The US Food and Drug Administration has expanded the scope of Johnson & Johnson/AbbVie’s Imbruvica to include the treatment of adult patients with chronic graft versus host disease (cGVHD) after failure of one or more treatments, marking the first therapy specifically approved for the condition in the US.

cGVHD is a life-threatening condition that can occur in patients after they have received a haematopoietic stem cell transplantation (HSCT) to treat certain blood or bone marrow cancer, when cells from the transplant attack healthy cells in a patient’s tissues. The condition is estimated to occur in 30-70 percent of all patients who receive HSCT.

“Patients with cGVHD who do not respond to other forms of therapy - typically corticosteroids to suppress their immune system - now have a treatment option specifically indicated to treat their condition,” said Richard Pazdur, director of the FDA’s Oncology Center of Excellence and acting director of the Office of Haematology and Oncology Products in the FDA’s Center for Drug Evaluation and Research.

“This approval highlights how a known treatment for cancer is finding a new use in treating a serious and life-threatening condition that may occur in patients with blood cancer who receive a stem cell transplant.”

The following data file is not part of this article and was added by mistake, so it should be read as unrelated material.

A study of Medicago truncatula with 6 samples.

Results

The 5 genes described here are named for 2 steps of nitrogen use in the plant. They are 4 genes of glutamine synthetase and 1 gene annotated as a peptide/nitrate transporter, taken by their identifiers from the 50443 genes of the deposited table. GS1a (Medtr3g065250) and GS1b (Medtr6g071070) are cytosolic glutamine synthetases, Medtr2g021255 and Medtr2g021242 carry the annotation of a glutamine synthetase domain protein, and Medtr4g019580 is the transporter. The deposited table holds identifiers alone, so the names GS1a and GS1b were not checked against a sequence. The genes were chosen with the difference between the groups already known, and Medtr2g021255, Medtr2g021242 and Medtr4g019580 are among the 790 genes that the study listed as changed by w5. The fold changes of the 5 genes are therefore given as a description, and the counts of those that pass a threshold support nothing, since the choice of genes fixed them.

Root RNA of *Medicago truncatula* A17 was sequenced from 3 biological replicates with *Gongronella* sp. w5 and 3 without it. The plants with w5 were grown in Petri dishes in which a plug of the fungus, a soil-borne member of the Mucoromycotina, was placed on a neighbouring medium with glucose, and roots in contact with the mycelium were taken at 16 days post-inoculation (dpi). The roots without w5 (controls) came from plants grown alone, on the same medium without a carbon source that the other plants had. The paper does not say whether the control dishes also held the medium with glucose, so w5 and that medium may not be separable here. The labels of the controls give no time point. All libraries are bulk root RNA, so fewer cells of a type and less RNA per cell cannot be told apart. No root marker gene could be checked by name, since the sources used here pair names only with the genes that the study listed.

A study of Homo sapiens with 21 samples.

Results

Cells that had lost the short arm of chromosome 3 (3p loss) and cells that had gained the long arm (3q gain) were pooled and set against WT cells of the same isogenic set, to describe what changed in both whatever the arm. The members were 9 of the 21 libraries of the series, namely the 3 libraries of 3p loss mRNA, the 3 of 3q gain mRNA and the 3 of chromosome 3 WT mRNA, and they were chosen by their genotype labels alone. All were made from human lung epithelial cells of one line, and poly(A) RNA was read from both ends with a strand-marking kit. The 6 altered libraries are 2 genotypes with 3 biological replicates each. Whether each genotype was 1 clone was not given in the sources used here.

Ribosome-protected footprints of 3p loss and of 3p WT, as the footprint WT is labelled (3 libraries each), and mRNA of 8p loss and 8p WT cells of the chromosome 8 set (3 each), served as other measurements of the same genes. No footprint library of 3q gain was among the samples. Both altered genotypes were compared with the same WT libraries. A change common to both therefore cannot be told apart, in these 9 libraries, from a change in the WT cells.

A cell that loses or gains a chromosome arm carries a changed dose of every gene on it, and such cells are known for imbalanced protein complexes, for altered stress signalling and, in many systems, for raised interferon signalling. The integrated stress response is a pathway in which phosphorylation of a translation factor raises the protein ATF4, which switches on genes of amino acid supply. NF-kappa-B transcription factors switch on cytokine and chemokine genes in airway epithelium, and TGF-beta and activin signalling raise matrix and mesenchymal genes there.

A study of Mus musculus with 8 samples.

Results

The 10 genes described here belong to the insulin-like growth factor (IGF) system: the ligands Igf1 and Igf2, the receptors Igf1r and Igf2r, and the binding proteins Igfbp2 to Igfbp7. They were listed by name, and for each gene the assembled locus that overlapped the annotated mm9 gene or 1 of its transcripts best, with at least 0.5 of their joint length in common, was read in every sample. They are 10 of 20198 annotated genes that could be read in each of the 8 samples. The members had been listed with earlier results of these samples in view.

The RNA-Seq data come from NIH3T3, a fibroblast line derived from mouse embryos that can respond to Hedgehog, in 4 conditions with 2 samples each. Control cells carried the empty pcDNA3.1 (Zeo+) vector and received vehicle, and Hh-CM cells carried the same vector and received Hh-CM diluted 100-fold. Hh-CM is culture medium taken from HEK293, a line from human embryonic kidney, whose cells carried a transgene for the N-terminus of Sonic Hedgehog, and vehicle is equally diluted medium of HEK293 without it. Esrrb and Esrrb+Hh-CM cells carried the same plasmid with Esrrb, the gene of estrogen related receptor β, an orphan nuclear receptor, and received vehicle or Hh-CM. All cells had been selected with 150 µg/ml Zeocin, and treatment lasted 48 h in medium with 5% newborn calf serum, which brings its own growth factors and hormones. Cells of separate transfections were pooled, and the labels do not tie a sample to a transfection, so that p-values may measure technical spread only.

Imbruvica (ibrutinib) is a first-in-class Bruton’s tyrosine kinase inhibitor already approved for certain indications across chronic lymphocytic leukaemia, Waldenstr√∂m’s macroglobulinemia and marginal zone lymphoma, as well as mantle cell lymphoma under accelerated approval status.

In a clinical trial involving patients with cGVHD whose symptoms persisted despite standard treatment with corticosteroids, 67 percent of those treated with Imbruvica experienced an improvement in symptoms. In 48 percent of patients in the trial, the improvement of symptoms lasted for up to five months or longer.

Common side effects observed in trials include fatigue, bruising, diarrhoea, thrombocytopenia, muscle spasms, swelling and sores in the mouth, nausea, anaemia and pneumonia, while those more serious include haemorrhage, infections, cytopenias, irregular heartbeat, hypertension, new cancers (second primary malignancies) and metabolic abnormalities (tumour lysis syndrome).

“For most patients, the diagnosis of cGVHD comes after a long and already arduous battle with a blood-related disease,” said David Miklos, associate Professor of Medicine, Stanford University, and lead investigator of the Imbruvica cGVHD clinical study.

“This approval provides physicians and the cGVHD patient community with a welcome new approach for patients who fail initial therapy, as data show treatment with Imbruvica resulted in encouraging and sustained clinical responses.”